The Microbiome-Host Interaction as a Potential Driver of Anastomotic Leak
Purpose of Review
The goal of this paper is to review current literature on the gut microbiome within the context of host response to surgery and subsequent risk of developing complications, particularly anastomotic leak. We provide background on the relationship between host and gut microbiota with description of the role of the intestinal mucus layer as an important regulator of host health.
Despite improvements in surgical technique and adherence to the tenets of creating a tension-free anastomosis with adequate blood flow, the surgical community has been unable to decrease rates of anastomotic leak using the current paradigm. Rather than adhere to empirical strategies of decontamination, it is imperative to focus on the interaction between the human host and the gut microbiota that live within us. The gut microbiome has been found to play a potential role in development of post-operative complications, including but not limited to anastomotic leak. Evidence suggests that peri-operative interventions may have a role in instigating or mitigating the impact of the gut microbiota via disruption of the protective mucus layer, use of multiple medications, and activation of virulence factors.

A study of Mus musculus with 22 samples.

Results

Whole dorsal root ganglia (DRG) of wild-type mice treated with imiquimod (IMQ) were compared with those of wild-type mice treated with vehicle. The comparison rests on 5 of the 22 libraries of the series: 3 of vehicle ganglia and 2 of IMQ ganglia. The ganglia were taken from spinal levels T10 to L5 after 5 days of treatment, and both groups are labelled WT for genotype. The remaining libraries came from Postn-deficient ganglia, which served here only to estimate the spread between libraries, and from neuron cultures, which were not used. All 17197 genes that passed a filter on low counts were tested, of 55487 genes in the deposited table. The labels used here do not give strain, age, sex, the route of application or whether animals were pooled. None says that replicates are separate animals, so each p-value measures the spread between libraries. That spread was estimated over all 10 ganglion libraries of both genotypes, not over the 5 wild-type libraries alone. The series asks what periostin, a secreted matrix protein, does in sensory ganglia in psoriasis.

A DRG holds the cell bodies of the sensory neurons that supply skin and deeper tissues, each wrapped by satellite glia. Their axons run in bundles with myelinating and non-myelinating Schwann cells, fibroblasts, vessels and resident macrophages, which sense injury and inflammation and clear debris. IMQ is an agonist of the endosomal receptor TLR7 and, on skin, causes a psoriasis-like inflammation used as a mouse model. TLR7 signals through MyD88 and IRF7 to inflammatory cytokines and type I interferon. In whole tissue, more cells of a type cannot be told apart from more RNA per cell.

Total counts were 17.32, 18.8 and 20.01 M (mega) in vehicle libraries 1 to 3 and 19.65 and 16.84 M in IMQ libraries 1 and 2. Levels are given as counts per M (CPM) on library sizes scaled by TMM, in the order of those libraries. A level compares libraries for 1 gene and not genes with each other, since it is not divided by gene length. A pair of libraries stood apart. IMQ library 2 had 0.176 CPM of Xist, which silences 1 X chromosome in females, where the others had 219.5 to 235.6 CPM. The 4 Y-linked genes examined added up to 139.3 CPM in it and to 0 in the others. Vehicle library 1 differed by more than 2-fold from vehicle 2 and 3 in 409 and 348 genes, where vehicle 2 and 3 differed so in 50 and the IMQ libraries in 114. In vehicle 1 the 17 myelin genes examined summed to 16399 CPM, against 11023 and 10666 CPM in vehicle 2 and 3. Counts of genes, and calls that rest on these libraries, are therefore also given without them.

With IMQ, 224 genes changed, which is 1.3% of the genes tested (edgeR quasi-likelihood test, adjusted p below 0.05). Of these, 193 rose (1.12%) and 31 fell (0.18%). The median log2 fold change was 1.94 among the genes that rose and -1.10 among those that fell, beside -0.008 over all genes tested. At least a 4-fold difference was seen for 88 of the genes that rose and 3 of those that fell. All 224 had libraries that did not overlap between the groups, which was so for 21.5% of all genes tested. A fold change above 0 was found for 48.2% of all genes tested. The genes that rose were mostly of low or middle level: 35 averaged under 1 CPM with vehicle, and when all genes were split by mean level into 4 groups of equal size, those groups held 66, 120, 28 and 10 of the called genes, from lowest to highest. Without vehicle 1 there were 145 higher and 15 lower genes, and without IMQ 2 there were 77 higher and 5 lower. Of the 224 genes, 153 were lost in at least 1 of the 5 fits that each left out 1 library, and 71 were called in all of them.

The microbiome plays a potential role in the development of surgical complications and can be modulated by peri-operative interventions. As such, further research into this relationship is urgently needed.
KeywordsMicrobiome Microbiota Anastomotic leak Anastomosis Surgical site infection Colorectal surgery Gastrointestinal surgery General surgery Mechanical bowel prep
Compliance with Ethical Standards
Conflicts of Interest
The authors declare that they have no conflicts of interest.
Human and Animal Rights and Informed Consent
This article does not contain any studies with human or animal subjects performed by any of the authors.